Kevin Kenner: Late Chopin Works

Author: 
Michelle Assay
9029563520. Kevin Kenner: Late Chopin WorksKevin Kenner: Late Chopin Works

Kevin Kenner: Late Chopin Works

  • Barcarolle
  • Mazurkas (Complete), No. 39 in B, Op. 63/1 (1846)
  • Mazurkas (Complete), No. 40 in F minor, Op. 63/2 (1846)
  • Mazurkas (Complete), No. 41 in C sharp minor, Op. 63/3 (1846)
  • Sonata for Piano No. 3
  • Nocturnes, No. 18 in E, Op. 62/2
  • Mazurkas (Complete), No. 33 in B, Op. 56/1 (1843)
  • Mazurkas (Complete), No. 34 in C, Op. 56/2 (1843)
  • Mazurkas (Complete), No. 35 in C minor, Op. 56/3 (1843)
  • Mazurkas (Complete), No. 49 in F minor, Op. 68/4 (1849)

When it comes to Schubert and Chopin, who died in their thirties, the concept of ‘late works’ is somewhat curious. Interpreters and audiences may be predisposed to hear signs of resignation and/or creative liberation (cf Adorno on Beethoven: ‘touched by death, the hand of the master sets free the masses of material that he used to form’). But Chopin’s late works are more like a second wind than a last breath, as Kevin Kenner (a Moscow and Warsaw finalist in 1990) intelligently conveys.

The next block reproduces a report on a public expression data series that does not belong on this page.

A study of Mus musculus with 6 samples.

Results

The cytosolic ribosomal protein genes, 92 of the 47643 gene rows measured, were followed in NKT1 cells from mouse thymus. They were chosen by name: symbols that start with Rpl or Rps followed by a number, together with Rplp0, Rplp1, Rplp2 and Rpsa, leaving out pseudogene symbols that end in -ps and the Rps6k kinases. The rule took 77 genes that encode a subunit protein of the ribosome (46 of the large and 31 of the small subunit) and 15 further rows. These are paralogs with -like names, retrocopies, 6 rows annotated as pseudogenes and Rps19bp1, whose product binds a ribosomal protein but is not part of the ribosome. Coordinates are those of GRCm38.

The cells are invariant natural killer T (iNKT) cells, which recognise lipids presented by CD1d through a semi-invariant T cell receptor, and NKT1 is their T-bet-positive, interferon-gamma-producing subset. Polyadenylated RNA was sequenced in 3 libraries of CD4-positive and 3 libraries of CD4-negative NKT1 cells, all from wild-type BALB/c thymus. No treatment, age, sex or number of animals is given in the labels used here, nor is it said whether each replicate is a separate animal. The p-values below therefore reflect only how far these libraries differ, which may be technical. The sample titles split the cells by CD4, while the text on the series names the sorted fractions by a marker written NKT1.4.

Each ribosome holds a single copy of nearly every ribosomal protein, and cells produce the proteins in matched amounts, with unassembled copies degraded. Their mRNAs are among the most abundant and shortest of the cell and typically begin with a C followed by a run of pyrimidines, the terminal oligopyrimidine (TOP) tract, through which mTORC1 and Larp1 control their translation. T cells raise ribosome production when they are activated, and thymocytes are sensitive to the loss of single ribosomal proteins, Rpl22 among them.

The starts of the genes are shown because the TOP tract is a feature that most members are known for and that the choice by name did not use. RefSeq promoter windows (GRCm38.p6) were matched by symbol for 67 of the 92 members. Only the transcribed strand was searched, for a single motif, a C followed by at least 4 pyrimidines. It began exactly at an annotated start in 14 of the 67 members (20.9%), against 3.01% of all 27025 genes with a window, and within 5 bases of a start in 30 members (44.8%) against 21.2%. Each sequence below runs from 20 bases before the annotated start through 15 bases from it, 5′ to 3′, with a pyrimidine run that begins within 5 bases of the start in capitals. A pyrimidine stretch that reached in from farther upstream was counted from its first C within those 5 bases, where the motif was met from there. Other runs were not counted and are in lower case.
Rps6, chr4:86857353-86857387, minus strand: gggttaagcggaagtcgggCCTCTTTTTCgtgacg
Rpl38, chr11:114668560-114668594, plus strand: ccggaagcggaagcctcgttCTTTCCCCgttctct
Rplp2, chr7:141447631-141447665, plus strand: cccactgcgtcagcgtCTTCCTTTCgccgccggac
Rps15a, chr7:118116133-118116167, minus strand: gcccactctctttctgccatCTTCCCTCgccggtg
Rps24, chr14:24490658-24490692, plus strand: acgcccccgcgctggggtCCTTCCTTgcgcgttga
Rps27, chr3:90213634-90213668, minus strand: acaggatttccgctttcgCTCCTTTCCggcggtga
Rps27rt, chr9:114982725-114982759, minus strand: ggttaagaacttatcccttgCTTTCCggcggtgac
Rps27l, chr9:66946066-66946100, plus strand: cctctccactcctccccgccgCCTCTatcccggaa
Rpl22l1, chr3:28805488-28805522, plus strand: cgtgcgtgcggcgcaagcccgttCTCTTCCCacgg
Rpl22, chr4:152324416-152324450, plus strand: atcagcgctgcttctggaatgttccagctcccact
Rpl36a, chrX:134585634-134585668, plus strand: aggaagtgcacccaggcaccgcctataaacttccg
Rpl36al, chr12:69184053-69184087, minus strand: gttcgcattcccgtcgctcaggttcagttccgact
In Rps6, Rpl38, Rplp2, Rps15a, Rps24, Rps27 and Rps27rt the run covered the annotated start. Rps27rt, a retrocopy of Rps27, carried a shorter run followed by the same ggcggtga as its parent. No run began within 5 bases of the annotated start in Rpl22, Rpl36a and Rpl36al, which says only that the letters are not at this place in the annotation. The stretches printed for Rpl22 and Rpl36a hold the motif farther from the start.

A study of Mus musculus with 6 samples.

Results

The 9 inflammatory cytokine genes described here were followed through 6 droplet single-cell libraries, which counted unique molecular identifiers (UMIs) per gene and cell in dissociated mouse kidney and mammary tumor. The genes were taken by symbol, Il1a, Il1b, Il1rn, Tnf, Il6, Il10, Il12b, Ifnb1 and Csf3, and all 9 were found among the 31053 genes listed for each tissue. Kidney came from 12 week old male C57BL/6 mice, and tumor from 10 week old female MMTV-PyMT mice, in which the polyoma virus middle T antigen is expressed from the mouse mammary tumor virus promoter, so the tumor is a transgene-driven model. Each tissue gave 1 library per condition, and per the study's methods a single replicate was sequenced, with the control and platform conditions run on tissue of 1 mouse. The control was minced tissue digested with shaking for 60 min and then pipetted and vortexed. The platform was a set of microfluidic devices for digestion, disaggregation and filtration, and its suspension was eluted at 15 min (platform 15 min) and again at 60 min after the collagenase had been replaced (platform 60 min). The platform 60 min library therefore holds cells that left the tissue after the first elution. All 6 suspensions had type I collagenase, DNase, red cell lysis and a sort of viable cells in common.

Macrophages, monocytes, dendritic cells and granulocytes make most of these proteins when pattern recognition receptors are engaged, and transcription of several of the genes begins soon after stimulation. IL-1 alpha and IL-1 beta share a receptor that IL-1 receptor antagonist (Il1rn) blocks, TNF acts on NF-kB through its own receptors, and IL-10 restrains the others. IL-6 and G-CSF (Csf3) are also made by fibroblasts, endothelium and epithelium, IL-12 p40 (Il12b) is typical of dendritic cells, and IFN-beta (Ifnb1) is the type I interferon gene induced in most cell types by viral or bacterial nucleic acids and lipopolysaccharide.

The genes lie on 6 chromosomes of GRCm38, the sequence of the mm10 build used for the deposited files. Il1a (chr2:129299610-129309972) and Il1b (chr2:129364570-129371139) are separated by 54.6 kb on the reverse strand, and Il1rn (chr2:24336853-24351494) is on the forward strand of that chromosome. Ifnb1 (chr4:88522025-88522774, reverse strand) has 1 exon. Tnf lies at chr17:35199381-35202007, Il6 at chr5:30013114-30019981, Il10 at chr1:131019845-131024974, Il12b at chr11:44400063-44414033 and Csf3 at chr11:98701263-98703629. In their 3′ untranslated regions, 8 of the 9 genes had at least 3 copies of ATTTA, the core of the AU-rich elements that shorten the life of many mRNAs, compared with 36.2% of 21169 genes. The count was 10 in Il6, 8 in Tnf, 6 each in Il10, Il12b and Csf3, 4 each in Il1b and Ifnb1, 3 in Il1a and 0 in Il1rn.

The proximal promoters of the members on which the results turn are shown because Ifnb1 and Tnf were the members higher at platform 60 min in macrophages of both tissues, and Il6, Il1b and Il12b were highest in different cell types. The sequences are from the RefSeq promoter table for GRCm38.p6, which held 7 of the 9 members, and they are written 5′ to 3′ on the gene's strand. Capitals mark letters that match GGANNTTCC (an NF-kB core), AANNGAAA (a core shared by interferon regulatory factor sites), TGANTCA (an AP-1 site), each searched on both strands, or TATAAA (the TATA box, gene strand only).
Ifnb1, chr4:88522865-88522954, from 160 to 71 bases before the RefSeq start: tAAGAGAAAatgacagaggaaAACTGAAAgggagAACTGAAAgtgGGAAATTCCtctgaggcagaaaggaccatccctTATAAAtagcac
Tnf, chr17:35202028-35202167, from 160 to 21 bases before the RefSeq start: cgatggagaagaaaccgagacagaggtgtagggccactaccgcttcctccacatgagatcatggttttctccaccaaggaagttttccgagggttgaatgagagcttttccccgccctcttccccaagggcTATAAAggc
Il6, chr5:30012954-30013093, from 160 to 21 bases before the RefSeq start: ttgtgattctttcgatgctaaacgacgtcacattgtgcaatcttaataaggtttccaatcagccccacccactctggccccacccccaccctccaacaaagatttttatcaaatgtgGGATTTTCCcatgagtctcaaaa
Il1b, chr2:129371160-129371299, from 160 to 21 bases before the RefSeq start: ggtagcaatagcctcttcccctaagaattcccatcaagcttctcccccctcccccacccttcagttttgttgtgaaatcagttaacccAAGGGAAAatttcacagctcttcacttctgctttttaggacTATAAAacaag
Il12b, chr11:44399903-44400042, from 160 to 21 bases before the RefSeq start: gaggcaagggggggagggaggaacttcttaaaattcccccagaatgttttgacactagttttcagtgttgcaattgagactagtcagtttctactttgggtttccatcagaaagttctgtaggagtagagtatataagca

Regrettably absent is the Polonaise-fantasie, which would be the perfect illustration of Adorno’s point. But this is compensated for by Kenner’s thought-provoking ‘reconstruction’ of what is often wrongly referred to as Chopin’s last work, the Op 68 No 4 Mazurka (it was in all probability discarded from an earlier opus). This problematic piece, whose manuscript was rediscovered in 1951, has been performed in a variety of ways, lasting from under two minutes to, as here, over four. Kenner follows up the F major middle section (often omitted because of its conjectural status) with a tastefully realised descant for the return of the opening, in line with Chopin’s renewed interest in counterpoint.

Here, as in the other Mazurkas and especially the B minor Sonata, Kenner’s sense of the long line and overall architecture is as impressive as his idiomatic phrasing. Admittedly the Barcarolle, placed first on the disc, lacks the delicious lilt of Hough’s rendition (Hyperion, 5/10) but it too is persuasive in its symphonic flow. Edoardo Torbianelli is available for anyone who cares to hear some of this music on an 1842 Pleyel (Glossa, 3/18). But for a modern account, Kenner stands as tall as any of his rivals.